The Tokugawa social hierarchy was based on Chinese Confucian notions of classes. Confucianism had been studied and adapted by the Japanese as far back as the seventh century.
Basically Confucianism is concerned about the development of ethical behavior. Starting with individuals and then the individuals using this developed ethical behavior in the public arena serving as ministers of the state. So in the central thinking of Confucianism, it is not enough to develop your own ethical qualities. You then are duty bound to try to use these in the service of the state, and the state in Confucian terms is, ought to be a state that is run by ethical men.
The Tokugawa shogunate in the seventeenth century and the samurai elite sought to redefine and reconceive this new system, this new order in the realm, using the latest thought available to them, which in this case was a neo-Confucian thought borrowed from China.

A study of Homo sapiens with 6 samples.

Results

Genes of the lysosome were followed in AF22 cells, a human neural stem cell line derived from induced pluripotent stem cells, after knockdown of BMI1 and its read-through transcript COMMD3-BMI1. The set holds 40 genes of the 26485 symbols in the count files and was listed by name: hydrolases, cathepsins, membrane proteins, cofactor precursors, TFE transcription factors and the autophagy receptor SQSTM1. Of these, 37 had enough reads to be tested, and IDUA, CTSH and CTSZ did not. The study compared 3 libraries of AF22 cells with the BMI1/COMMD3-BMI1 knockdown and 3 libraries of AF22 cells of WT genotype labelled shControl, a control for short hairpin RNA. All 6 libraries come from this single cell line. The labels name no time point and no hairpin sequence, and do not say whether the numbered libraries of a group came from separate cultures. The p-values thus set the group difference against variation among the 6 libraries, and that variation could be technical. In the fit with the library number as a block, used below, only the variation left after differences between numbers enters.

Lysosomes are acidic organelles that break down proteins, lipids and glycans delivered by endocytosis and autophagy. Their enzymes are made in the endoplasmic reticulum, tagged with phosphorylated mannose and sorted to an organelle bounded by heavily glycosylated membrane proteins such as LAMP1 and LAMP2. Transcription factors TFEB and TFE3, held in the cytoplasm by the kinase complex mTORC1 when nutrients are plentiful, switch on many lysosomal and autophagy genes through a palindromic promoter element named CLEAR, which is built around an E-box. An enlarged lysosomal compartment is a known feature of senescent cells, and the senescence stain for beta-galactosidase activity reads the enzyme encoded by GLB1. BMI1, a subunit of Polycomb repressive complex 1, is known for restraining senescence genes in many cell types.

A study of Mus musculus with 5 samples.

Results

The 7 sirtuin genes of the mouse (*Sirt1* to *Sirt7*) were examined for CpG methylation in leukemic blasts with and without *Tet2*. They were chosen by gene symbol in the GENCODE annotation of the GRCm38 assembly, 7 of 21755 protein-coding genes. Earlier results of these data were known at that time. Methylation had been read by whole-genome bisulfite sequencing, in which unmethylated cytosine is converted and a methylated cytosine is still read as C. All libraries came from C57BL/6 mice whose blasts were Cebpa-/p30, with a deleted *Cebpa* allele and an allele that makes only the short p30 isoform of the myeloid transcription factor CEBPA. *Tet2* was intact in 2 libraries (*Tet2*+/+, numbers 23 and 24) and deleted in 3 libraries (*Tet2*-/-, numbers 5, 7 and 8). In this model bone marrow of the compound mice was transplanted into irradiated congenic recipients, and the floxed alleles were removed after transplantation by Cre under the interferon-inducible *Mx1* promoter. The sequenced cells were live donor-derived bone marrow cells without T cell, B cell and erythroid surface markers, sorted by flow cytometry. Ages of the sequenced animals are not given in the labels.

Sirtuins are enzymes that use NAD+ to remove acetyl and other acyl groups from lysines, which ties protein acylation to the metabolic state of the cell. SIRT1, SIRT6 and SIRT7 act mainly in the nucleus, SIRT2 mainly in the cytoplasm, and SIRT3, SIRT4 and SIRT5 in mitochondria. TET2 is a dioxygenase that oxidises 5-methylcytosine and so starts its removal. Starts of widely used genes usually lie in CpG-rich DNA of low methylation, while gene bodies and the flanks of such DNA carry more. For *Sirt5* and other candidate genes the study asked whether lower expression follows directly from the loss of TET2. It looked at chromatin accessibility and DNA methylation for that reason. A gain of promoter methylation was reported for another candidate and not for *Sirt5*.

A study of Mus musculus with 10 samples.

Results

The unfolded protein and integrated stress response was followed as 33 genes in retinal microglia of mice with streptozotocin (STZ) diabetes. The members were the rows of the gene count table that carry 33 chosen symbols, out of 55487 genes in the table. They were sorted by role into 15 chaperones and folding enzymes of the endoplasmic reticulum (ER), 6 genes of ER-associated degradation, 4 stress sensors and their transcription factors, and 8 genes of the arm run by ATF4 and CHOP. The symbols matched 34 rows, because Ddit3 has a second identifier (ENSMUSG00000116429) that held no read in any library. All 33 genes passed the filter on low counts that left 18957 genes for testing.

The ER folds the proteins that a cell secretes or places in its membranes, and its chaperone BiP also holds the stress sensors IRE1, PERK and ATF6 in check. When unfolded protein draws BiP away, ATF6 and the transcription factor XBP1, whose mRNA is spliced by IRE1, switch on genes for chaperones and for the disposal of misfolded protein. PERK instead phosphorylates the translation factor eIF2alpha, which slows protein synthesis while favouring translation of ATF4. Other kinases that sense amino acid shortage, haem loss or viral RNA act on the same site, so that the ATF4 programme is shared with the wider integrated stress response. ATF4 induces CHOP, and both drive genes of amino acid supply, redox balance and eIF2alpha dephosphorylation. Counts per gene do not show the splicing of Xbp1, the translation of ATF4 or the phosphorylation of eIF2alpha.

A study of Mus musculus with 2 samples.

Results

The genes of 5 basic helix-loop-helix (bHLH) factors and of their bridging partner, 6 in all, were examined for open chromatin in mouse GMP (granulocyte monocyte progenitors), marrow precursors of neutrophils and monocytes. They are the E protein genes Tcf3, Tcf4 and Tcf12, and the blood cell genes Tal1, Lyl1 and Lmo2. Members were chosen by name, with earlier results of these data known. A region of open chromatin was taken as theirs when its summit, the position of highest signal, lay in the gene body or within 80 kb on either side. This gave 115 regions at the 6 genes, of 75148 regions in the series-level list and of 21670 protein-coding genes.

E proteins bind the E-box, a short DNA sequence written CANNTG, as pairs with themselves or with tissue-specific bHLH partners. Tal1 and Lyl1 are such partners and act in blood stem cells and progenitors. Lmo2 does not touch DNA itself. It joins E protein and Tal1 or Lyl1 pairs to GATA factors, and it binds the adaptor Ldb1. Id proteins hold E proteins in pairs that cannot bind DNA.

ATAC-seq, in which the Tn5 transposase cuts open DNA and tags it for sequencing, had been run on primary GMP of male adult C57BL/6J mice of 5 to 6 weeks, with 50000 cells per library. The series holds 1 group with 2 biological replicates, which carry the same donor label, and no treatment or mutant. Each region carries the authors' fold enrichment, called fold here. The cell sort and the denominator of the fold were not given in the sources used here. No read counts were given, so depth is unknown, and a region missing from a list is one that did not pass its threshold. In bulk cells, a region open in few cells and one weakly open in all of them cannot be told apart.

This is the second period in which the Japanese borrow a Chinese thought system, in this case, neo-Confucianism, and conceived their political, social, and economic world in those terms.
Although earlier Japanese elites, first the courtiers and then the feudal military figures, often studied Confucian texts, Confucianism never became a full state ideology until the Tokugawa period. Under the Tokugawa, Confucian schools were established in the daimyo domains and the Confucian emphasis on order, loyalty, hard work, and education extended below the warrior class into other parts of Japanese society.
The most important aspect of the borrowed neo-Confucianism in the seventeenth century in Tokugawa Japan is the securing of the social order its social values and political values, its values for governing and values for social order so that the abiding, if you like, impact of neo-Confucianism in Japan was that it becomes part of the social woodwork, from peasants to samurai.